Thursday, 21 March 2019


Coromandel Food Collective open for business at the Food Show

The Coromandel Food Collective is open for business at the Auckland Food Show, showcasing the quality and diversity of artisan food products made right here on the Coromandel.

Up to 4000 people came through the doors at the ASB Auckland Showgrounds at yesterday's VIP preview day, which gave five home grown food producers a chance to showcase their products to  trade buyers, chefs and media.

Today, the show begins in earnest, with more 30,000 people expected to attend over the next three days.

This year, the Coromandel Food Collective is represented by: Thames Valley Bacon, Omahu Valley Citrus Products, Mercury Bay Creamery, Chocolates Are Us and Castle Rock Café. You can read more about each exhibitor below.

The Thames-Coromandel District Council supports the Food Collective at the show - the biggest food show in the country - creating the exhibition space within the show's 'Artisan Village' as part of their economic development strategy.

This year the TCDC stand, in hall one, has a coastal theme with toi tois, wood, greenery and rustic, natural items that tie in with the theme of the businesses exhibiting with them.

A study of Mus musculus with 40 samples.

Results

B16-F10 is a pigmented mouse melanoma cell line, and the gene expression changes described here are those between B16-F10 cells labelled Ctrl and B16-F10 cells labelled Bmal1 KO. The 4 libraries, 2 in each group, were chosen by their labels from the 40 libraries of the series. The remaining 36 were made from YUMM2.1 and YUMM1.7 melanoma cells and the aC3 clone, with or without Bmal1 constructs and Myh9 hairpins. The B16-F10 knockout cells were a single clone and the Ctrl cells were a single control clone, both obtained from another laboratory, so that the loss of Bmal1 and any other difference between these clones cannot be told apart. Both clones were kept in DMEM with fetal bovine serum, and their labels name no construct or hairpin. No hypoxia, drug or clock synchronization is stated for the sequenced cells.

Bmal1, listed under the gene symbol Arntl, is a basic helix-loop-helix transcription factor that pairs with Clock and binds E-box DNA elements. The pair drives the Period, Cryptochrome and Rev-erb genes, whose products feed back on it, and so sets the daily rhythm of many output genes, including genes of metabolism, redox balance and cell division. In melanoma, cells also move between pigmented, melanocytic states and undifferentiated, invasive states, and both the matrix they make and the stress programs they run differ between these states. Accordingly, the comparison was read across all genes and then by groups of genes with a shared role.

Mercury Bay Creamery has joined the collective at the show for the first time this year, and owner Carl Storey says the feedback on his premium cheeses was fantastic.

"It's good to get our name out there and it helps people recognise our label and our name," Carl says.

Carl says he believes the show provides opportunities to explore new markets for his Whitianga-made cheeses.

TCDC's economic development and communications group manager Laurna White says bringing homegrown food producers to the Food Show has also proven to be a great way to promote the Coromandel as a food destination.

"Food is becoming more and more important for tourism across our district. Increasingly, as people learn about the great, homegrown, fresh artisan products produced right here, it's becoming another strong reason for people to visit us," Laurna says.



Should small businesses and farms be made subject to capital gains tax?

The Mercury Bay Informer is a highly popular community newspaper, based in Whitianga. The paper is distributed throughout the Coromandel Peninsula, coast to coast from Thames to north of Colville.